As breasts are largely made up of fatty tissue, no amount of exercise will add inches to them. Having said that, some sportswomen claim that exercising the pectoral muscles which sit directly below the breasts has improved their overall definition, albeit only slightly.
If press-ups prove a challenge, try standing facing a wall at arm's length, with your palms flat against the wall. Push against the wall as if you were pushing it away, keeping your arms straight. Hold for eight counts and relax arms for eight counts. Repeat 10-20 times a day.
Improving your posture can do wonders for your overall appearance and instantly 'lift' your breasts.
If you have developed a habit of slouching, yoga classes (or following a DVD) can help re-educate your body.
Alternatively, try this trick. Imagine there is a balloon on a string extending from the crown of your head. Picture the balloon floating upwards, pulling your head toward the sky. You'll instantly stand upright with your spine elongated.
An estimated 60 per cent of women are wearing the wrong sized bra - are you one of them?
It's worth getting measured professionally every year or so (many department stores offer a free service) as weight gain or loss, ageing and pregnancy can all effect your size.
For extra support, opt for an underwired tightly-woven bra (avoid flimsy materials such as lace) with firm cups and a wide back to provide good lift.
You'll find a plethora of breast firming lotions and potions on the market, some of which promise more than they can deliver.
Remember that while creams may offer some improvement to the suppleness and tone of the skin, they aren't able to change the firmness of the breast tissue itself.
Breast enlargement is the most frequently performed cosmetic surgery procedure in the UK.
It's popular with women who want to improve the size, shape and symmetry of their breasts, particularly after pregnancy or weight loss.
Implants are available in a variety of shapes, forms and sizes and you'll be able to discuss what you want to achieve with your surgeon – though there may be a maximum increase of two to three cup sizes.
Large breasts can cause physical discomfort, including bad posture and back ache, as well as embarrassment and low self-esteem. If you're self conscious about the size of your breasts, reduction surgery can provide a solution.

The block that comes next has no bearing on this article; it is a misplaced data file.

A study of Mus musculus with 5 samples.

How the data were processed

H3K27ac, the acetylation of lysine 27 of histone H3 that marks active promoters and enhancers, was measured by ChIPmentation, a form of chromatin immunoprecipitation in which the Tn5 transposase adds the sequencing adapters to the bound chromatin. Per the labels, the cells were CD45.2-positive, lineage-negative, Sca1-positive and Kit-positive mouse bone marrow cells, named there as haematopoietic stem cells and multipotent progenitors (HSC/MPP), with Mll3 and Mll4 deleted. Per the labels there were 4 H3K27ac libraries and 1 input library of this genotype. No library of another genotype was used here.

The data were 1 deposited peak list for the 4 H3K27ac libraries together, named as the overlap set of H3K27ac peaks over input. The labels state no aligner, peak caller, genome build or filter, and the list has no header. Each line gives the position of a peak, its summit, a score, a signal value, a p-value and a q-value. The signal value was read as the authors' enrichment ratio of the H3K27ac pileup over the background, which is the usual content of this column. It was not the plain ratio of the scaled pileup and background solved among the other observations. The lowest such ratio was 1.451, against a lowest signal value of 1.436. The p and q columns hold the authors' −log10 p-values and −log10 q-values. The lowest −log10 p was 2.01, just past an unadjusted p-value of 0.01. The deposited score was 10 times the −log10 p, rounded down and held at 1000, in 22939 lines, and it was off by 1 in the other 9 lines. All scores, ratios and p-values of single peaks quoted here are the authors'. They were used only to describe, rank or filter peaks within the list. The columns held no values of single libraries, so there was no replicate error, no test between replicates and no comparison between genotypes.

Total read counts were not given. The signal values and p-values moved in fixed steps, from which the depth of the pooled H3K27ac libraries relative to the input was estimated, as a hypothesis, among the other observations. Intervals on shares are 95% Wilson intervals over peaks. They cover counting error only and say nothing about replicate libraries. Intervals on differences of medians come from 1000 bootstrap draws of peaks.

The procedure is performed under general anaesthetic and takes approximately two to three hours, depending on the extent of the reduction.
The surgeon will remove fat and excess skin and will reposition your nipple and areola to fit your new breast shape.
Women's breasts can lose their shape after weight loss, childbirth or as part of the natural ageing process. A mastopexy or breast lift can help restore fullness and give breasts a more pert appearance.
The procedure can be performed alongside a breast augmentation or without changing your cup size.
Excess skin from around the breast is removed and small incisions are made in order to allow the nipple and areola to sit higher on the breast.
Breast surgery is performed under general anaesthetic and takes approximately one to two hours, though you'll usually need to stay in hospital overnight in order to be monitored.
You should be prepared take a least a week or two off work and avoid lifting anything even remotely heavy. During this time stitches and dressing will be removed.
Expect the breasts to be sore and swollen for a few weeks, though wearing a sports bra can help you feel more comfortable. A series of follow up appointments will be arranged to check on your progress.
To find a reputable surgeon contact either the British Association of Cosmetic Surgeons (BACS) or the British Association of Aesthetic Plastic Surgeons (BAAPS).
Make a list of questions before your initial consultation and make sure you feel fully counselled.
Don't be afraid to ask what the surgeon's experience is, how many similar procedures they have performed, and whether you can speak to several of their previous patients.